BREAKING NEWS

BREAKING NEWS

Lanai readies the welcome mat for cruise ship guests

With 458 passengers, the Seabourn Sojourn is the largest cruise liner to call on island

The 458-passenger Seabourn Sojourn will be making a call to Lanai on Monday. It will be the largest cruise liner to ever visit the island. The ocean liner will anchor off Manele Bay and tender passengers ashore. Seabourn Cruise Line photo

The 458-passenger Seabourn Sojourn will be making a call to Lanai on Monday. It will be the largest cruise liner to ever visit the island. The ocean liner will anchor off Manele Bay and tender passengers ashore. Seabourn Cruise Line photo

The 458-passenger cruise ship Seabourn Sojourn will be making a call at Lanai on Monday in what residents say is the largest ocean liner to bring tourists to the island.

The Sojourn is scheduled to anchor off Lanai on Monday, arriving at 8 a.m. and departing at 5 p.m., Irene Lui Sander, a spokeswoman for Seabourn, said Tuesday. The vessel will anchor in Manele Bay and tender passengers ashore.

The Sojourn departed Los Angeles on Oct. 14 on a 32-day cruise to the South Pacific and Hawaii and will return to Los Angeles on Nov. 15, she said. The vessel is scheduled to make a Maui call Wednesday.

Seabourn cruise ships have been visiting Maui since 2012, Sander said. A Seabourn vessel will be returning to Lanai in October 2018.

The Sojourn, a 32,000-ton vessel whose maiden voyage was in June 2010, is a smaller cruise liner when compared to the 108,977-ton, 2,600-guest Princess Cruises Star Princess, which will be visiting Lahaina on Nov. 17.

But for Lanai, the Sojourn will be plenty big and is the largest cruise ship to visit the island in its history, said Lanai resident Mikala Enfield.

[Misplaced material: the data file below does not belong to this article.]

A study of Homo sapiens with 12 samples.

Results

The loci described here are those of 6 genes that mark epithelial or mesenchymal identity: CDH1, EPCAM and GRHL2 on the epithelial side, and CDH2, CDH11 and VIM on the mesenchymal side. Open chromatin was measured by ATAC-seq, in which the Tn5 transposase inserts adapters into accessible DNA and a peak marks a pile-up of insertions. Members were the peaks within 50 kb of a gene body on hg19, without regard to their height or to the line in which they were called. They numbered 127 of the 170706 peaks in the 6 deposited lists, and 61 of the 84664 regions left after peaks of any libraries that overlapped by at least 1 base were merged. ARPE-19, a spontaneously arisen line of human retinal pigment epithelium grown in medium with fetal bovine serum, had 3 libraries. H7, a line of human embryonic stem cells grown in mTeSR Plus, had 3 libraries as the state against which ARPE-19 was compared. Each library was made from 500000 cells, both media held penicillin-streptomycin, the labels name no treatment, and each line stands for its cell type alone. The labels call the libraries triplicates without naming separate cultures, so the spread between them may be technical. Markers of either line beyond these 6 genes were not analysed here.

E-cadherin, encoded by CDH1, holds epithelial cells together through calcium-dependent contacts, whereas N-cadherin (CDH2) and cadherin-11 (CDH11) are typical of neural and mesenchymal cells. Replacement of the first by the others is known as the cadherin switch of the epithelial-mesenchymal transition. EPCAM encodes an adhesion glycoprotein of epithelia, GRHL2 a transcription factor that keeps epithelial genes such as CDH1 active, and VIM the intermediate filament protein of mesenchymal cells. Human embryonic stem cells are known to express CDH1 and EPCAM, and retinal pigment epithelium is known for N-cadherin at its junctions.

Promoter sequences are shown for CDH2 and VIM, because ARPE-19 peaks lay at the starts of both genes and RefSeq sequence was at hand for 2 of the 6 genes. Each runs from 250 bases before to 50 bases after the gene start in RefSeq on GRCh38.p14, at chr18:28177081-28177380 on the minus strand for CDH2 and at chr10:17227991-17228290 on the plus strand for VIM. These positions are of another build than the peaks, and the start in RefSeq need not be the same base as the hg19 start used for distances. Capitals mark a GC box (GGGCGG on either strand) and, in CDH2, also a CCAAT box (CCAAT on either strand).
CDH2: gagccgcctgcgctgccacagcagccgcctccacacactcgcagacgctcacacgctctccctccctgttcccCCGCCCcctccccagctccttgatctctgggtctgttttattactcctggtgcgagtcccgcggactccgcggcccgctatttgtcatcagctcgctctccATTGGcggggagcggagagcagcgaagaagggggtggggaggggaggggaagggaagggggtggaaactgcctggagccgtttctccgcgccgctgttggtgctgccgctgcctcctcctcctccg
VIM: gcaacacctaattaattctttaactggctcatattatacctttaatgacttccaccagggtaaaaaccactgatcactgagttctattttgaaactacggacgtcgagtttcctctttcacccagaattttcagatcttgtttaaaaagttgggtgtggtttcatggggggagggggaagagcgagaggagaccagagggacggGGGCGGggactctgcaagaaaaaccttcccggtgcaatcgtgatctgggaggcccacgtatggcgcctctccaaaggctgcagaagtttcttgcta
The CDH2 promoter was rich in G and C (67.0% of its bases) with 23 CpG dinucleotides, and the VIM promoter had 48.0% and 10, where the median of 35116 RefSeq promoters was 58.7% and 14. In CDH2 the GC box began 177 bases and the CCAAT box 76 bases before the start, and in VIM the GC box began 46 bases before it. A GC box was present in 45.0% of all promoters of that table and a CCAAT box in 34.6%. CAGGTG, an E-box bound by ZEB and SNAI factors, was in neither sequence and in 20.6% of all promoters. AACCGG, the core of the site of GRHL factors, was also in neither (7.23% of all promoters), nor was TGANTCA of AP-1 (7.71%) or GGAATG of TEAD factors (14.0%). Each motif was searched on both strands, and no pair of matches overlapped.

Kathy and Mike Carroll, who own Mike Carroll Gallery on Lanai, said that the only cruise ship to visit regularly is the 36-passenger Safari Explorer during the winter months. Lanai doesn’t have a large enough harbor to handle Star Princess-size liners, they added.

The smaller Sojourn actually might be a better fit for the island and its businesses. The 300 people estimated to visit Lanai won’t be coming all at once; “it will be paced” and “very manageable,” said Kathy Carroll said. Tenders will bring in groups of visitors at a time.

The day visit will give a boost to small businesses like the Carrolls’ art gallery, which normally sees 10 to 20 people a day. “Three hundred people by Maui standards is nothing, it’s a drop in the bucket,” said Kathy Carroll.

Not so on Lanai.

“For small mom-and-pop businesses like ours, it’s a big deal,” she said, noting that many of the island’s small business are congregated in a square near Dole Park. “For Lanai, it is a good thing for the small businesses . . . that are working hard day to day to make a living.”

In addition to shopping, visitors will be doing other activities like playing golf or taking a ride on a utility terrain vehicle, said Mike Carroll. His wife said that visitors to the town generally are taken by the history of the island and its former pineapple plantation era and the “small town vibe” that remains today.

“We are really excited about it,” Kathy Carroll said of the Sojourn’s visit.

Seabourn Cruise Line was founded in 1987 by Norwegian industrialist Atle Brynestad and, through the years, has been part of Carnival Corp. and Cunard Line. Seabourn was reorganized as a stand-alone company headquartered in Miami in 2004 and relocated its headquarters to Seattle in 2011.

The cruise ship business is helping to drive tourism growth throughout the state. The latest tourism report from the Hawai’i Tourism Authority for the first nine months of the year showed a 23.2 percent increase in cruise ship visitors compared to a year earlier. The report said that 86,081 cruise ship passengers visited Hawaii from January to September.

Hawai’i Tourism Authority data for the first nine months show more than 300 cruise ship visitors to Lanai. But Leanne Pletcher, director of public relations & marketing for the Maui Visitors Bureau, said that those visitors came from cruise ships anchored off Lahaina.

* Lee Imada can be reached at leeimada@mauinews.com.